Credit:  By Joe Willis, The Northern Echo, www.thenorthernecho.co.uk 21 April 2011 ~~

Plans to build England’s biggest wind farm near Newton Aycliffe in County Durham have been revealed. Joe Willis examines the North-East’s popularity with renewable energy developers.

THE region produces more energy from wind than anywhere else in the country.

In only ten years, more than 25 wind farms have been erected or approved in the North- East and North Yorkshire.

The region now produces about 12 per cent of the electricity it uses from wind power – double the percentage of any other region in England.

Wind turbines have often been erected despite strong objections from local communities.

Campaigners claim too many turbines are too tall and too close to homes.

A call for a buffer zone – already in force in Scotland – preventing turbines being built within 2km of North- East homes has been made.

But why have so many wind farms been built in the region?

According to retired analyst Bill Short, it is a myth that the North-East has a large number of wind farms because it is particularly windy – or has the right type of wind.

He said the West is known to be windier, with the Pennines making this region’s wind more turbulent – therefore lowering power generation.

Mr Short, who has studied the growth of wind farms in the North-East, says figures show that farms in this region are the least efficient in the country.

He believes the North-East has been preyed upon by developers, spurred on by the region’s high targets for renewable energy – which are eight times those for the South- East.

“Unfortunately, our planners have been completely overwhelmed,” he said.

The analyst also believes it is wrong to accuse farmers of cashing in by allowing wind farms to be built on their land.

He said it was often rich landowners who offered their land for a wind farm, with their tenant farmers given little or no choice.

Mr Short said it was also incorrect to suggest that the region had good connectivity to the national grid, with the North-East capacity taken up by electricity generated in Scotland.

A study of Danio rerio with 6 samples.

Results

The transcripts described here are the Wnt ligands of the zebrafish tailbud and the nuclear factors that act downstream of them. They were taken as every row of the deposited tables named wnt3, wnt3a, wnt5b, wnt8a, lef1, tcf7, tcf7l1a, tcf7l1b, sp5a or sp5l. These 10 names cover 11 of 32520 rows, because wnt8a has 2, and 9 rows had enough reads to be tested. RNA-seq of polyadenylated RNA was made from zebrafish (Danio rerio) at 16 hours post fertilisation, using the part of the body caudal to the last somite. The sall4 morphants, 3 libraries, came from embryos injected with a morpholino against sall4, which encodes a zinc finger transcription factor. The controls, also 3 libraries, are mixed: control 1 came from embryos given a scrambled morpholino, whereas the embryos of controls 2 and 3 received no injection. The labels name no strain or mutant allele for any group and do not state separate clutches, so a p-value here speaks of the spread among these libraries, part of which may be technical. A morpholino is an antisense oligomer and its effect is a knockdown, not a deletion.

Mr Short said one of the main reasons the region had so many wind farms was its perception as a soft touch for controversial planning schemes.

“If anyone had tried to put the wind farms down South that they have in the North- East, they would have faced massive legal challenges,” he said.

“They would have paid for barristers to fight these applications.

But we have quite deprived areas in this region, particularly in the rural areas, and people can’t afford to.”

It remains to be seen if E.on will submit a planning application for between 25 and 45 turbines at the Isles Wind Farm, near Newton Ayclife – and if the local communities decide to fight the scheme.

Source:  By Joe Willis, The Northern Echo, www.thenorthernecho.co.uk 21 April 2011

This article is the work of the source indicated. Any opinions expressed in it are not necessarily those of National Wind Watch.

The copyright of this article resides with the author or publisher indicated. As part of its noncommercial effort to present the environmental, social, scientific, and economic issues of large-scale wind power development to a global audience seeking such information, National Wind Watch endeavors to observe “fair use” as provided for in section 107 of U.S. Copyright Law and similar “fair dealing” provisions of the copyright laws of other nations. Send requests to excerpt, general inquiries, and comments via e-mail.